Have you ever seen a restaurant manager calming down an angry diner, mollifying them with a sincere apology or a…
July 15, 2021 | 1 min read
Have you ever seen a restaurant manager calming down an angry diner, mollifying them with a sincere apology or a free dessert? Whatever it was, the diner went away satisfied. That’s admirable emotional self-regulation at work. It’s certainly not easy to keep your emotions in check when someone is shouting at you, be it fairly or unfairly. But that’s what’s needed in the workplace.
By learning how to take a pause between feeling and acting, you can manage your behavior and responses better. Let this pathway teach you how to skillfully navigate heated situations with calm and grace. Leave the drama to the movie stars.
Thrive Skills are an essential set of cognitive, social and behavioral skills to enable our learners to continuously succeed, at every stage of their career.
Emotional Self-Regulation is the ability to control one’s emotions, think with a level head and adopt an objective perspective even in the most high-pressure situation. Emotional Self-Regulation is a must-have Thrive Skill that enables professionals to not let their emotions cloud their judgment. They’re able to separate the personal from the professional in a way that’s productive and useful.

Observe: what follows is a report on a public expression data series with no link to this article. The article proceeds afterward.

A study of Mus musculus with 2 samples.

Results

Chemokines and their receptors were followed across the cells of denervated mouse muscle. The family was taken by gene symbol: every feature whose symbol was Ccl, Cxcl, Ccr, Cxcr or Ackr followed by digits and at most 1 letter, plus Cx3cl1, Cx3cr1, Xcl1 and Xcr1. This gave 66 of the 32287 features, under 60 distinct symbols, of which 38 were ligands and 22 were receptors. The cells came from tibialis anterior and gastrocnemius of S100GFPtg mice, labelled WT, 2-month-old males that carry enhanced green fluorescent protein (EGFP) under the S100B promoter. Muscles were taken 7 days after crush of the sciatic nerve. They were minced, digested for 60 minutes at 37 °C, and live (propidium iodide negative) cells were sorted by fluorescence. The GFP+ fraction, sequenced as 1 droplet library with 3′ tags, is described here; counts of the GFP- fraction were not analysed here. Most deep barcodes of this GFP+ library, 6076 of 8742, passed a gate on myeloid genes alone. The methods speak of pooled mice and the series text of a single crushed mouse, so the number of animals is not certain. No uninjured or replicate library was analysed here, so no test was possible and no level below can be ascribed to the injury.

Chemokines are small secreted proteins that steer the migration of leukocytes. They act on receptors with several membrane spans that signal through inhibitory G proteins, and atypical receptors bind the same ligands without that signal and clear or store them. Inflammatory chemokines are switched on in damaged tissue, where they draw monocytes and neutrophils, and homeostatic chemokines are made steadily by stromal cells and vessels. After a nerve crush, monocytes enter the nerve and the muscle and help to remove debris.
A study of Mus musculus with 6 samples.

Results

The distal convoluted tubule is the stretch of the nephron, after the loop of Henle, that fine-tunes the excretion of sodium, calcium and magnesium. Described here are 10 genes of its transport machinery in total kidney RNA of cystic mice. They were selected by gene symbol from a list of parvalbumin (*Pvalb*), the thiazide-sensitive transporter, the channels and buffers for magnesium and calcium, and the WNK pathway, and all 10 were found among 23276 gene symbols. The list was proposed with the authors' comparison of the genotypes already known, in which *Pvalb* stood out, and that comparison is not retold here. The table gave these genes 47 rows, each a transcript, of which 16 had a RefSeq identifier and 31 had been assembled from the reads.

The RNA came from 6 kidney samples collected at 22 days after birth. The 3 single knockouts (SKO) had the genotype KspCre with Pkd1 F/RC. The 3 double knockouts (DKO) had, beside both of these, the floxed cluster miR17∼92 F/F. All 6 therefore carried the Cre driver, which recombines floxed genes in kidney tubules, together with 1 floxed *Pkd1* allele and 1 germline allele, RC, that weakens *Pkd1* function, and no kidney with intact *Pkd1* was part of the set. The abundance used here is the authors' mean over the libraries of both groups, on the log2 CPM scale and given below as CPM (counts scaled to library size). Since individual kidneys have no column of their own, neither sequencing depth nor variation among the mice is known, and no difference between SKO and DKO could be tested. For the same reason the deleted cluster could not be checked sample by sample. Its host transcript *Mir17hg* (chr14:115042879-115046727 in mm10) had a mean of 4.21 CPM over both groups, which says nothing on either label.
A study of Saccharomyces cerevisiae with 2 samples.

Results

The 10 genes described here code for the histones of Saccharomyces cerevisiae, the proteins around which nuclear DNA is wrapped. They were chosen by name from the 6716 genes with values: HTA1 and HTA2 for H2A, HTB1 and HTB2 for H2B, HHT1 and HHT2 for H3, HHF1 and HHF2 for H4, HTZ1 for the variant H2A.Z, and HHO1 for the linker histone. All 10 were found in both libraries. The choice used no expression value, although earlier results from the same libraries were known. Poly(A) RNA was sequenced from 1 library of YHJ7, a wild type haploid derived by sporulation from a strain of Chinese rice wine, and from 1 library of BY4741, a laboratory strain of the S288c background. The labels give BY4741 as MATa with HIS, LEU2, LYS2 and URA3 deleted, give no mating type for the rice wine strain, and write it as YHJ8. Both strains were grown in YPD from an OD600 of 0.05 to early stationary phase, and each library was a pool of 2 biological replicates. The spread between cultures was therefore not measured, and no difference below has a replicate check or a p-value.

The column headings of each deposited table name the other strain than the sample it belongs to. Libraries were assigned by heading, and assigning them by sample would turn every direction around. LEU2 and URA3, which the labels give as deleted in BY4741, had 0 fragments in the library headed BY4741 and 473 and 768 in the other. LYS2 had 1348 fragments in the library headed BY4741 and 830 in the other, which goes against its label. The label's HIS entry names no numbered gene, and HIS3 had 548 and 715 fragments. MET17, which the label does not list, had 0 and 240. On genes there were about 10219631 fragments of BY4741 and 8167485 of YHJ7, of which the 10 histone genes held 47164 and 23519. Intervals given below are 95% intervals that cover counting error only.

The importance of emotional regulation skills is that it equips professionals with the strength to monitor, adjust and skillfully navigate difficult situations. For instance, if a manager gives a team member negative feedback, instead of letting their emotions get the best of them, professionals will benefit from developing Emotional Self-Regulation. Conflicts, arguments and difficult conversations become easier to resolve with emotional self-regulation skills. It also helps in making informed decisions with an objective mindset.
Some examples of emotional self-regulation are maintaining composure during an argument at work, taking accountability in the event a professional makes a mistake and adopting a positive mindset.
Emotional self-regulation skills require patience, self-awareness and a willingness to become better. Hearing the other person’s side of the story, thinking objectively and collaborating with others to understand their perspective are some ways to develop emotional regulation skills.
The Harappa program that focuses on Emotional Self-Regulation as a Thrive Skill is the Powerful Presence Program.
Other Thrive Skills under COLLABORATE are Decoding Ambiguity, Creating Alignment, Being Dependable, Instinctive Adaptability and Making Meaningful Connections.